I Wedge Allegiance
Learn to leave fear at the bottom of the hill.
When you are 31 years old, staring directly up a mountain slope and contemplating your very first ski lesson, you feel like you’re back at your first day of school, a vast expanse of classrooms and intimidating cool kids stretching ahead of you. Let me put it another way: The idea of whipping down Beaver Creek’s cliffs (yes—in my mind, they are cliffs) for five hours seems like an eternity of humiliation. It’s enough to make me shake in my ski boots, despite the fact that I nearly broke an ankle trying to shoehorn them on.
I have lived in Colorado for almost a decade and have resisted the skiing culture. I told myself it was because I work on weekends. I rationalized that it’s too expensive. But, frankly, I was embarrassed that everyone else knew how to do something I didn’t. Like the popular kids in school, everyone seems to have the hot ski jacket I don’t have. So, I’m quiet with nerves until our veteran ski instructor, Todd James, affirms that we adult beginners won’t set foot (er, rear end) on a chairlift until we’re comfortable on flatter land.
After we scoot around on one ski and learn the word “wedge,” we line up at the gondola next to the three-year-olds who share our skill level. If anyone in their group falls, a dozen tiny bundled figures shriek “Wipeout!” at the top of their lungs. Super. We dismount near a “magic carpet”—a slow-moving rubber tread that carries you up a gentle hill—and I manage to stay vertical while I execute large, slow semicircles downhill. James skies among us, watching our form (“Quit looking at your feet! Don’t lean back!”). At one point, my husband, an advanced skier, glides neatly down to the edge of my beginner zone. “I can turn!” I yell gleefully, and promptly face-plant halfway down the hill.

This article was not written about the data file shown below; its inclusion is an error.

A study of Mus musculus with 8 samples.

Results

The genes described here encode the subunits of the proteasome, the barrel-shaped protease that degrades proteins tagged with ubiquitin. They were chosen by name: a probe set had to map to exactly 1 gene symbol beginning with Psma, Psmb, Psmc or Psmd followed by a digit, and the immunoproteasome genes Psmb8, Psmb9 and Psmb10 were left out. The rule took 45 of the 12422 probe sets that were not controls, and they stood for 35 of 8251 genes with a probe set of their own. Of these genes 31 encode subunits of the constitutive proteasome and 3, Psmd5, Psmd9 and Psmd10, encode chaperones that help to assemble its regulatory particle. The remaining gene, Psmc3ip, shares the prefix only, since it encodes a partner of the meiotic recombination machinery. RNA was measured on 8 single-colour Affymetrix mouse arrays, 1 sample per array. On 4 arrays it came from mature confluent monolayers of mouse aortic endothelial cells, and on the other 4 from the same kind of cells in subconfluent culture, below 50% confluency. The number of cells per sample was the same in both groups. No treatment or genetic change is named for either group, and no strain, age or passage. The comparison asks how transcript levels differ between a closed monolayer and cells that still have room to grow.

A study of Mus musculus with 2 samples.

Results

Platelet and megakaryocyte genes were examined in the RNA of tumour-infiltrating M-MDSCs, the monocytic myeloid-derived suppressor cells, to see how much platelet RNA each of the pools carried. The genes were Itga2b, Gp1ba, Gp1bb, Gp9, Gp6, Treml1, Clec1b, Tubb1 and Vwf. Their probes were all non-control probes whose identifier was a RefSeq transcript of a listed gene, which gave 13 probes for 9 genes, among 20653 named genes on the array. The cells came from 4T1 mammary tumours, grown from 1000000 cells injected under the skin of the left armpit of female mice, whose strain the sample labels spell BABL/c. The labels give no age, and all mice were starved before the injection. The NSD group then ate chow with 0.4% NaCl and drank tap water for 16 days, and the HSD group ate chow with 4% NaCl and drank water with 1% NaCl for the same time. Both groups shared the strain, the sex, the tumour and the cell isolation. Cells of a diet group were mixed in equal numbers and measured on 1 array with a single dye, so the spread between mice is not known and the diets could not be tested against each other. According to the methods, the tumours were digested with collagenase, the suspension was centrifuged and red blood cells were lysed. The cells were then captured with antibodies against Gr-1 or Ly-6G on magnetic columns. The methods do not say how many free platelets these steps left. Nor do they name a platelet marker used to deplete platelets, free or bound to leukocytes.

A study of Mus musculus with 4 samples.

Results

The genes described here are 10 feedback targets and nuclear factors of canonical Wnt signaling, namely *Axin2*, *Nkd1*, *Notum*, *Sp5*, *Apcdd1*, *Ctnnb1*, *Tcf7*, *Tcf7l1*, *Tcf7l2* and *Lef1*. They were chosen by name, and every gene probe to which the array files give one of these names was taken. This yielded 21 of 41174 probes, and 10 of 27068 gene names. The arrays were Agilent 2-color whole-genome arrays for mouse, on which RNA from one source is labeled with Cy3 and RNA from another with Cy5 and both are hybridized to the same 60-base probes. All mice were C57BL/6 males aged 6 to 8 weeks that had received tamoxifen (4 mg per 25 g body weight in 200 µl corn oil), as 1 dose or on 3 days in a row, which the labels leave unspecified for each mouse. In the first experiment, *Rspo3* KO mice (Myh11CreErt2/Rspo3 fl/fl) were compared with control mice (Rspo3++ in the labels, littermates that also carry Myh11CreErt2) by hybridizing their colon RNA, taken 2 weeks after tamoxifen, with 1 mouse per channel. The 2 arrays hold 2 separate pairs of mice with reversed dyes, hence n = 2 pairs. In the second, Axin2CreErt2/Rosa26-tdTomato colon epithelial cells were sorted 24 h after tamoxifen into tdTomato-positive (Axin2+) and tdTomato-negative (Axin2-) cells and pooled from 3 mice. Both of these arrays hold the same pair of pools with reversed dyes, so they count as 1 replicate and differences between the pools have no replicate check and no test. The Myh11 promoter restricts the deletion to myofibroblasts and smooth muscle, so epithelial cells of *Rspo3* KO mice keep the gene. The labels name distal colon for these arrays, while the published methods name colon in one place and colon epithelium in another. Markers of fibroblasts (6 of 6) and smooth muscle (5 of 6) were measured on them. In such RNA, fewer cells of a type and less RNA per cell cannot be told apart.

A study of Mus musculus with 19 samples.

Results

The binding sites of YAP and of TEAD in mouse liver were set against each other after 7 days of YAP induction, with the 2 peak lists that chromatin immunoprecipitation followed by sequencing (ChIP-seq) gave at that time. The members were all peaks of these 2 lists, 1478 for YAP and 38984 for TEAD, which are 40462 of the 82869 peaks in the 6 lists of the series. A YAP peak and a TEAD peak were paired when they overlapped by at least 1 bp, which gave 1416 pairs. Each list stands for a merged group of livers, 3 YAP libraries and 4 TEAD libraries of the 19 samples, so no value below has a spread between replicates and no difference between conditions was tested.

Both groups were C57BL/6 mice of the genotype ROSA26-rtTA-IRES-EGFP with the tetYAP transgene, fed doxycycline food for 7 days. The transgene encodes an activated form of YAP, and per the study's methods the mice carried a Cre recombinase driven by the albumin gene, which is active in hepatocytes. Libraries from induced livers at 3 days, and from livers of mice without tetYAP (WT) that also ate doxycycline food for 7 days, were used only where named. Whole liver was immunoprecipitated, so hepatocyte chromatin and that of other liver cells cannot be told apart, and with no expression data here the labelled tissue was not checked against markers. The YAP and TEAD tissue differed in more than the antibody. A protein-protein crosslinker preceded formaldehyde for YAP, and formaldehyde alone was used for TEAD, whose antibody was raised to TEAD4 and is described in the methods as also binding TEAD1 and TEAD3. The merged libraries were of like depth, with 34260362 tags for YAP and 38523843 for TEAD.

Our lesson ends with a green run, and I’m humbled by my wipeout-heavy performance. But as I look up at the mountain that taunted me earlier, I’m not intimidated anymore; instead, relief sets in like it does after the first day of school: a heady feeling that comes from knowing that not only did I survive, but I also might have enjoyed it. Sassy new ski jacket, here I come. —Jennie Dorris
Where: Beaver Creek Ski & Snowboard School, beavercreek.com
Cost: Varies depending on rentals and lift ticket. Group: $131 (half day) to $150 (full day); private: $545 (half) to $745 (full)
Perk: The warm chocolate-chip cookies the resort hands out at the base work wonders to mend bumps and bruises.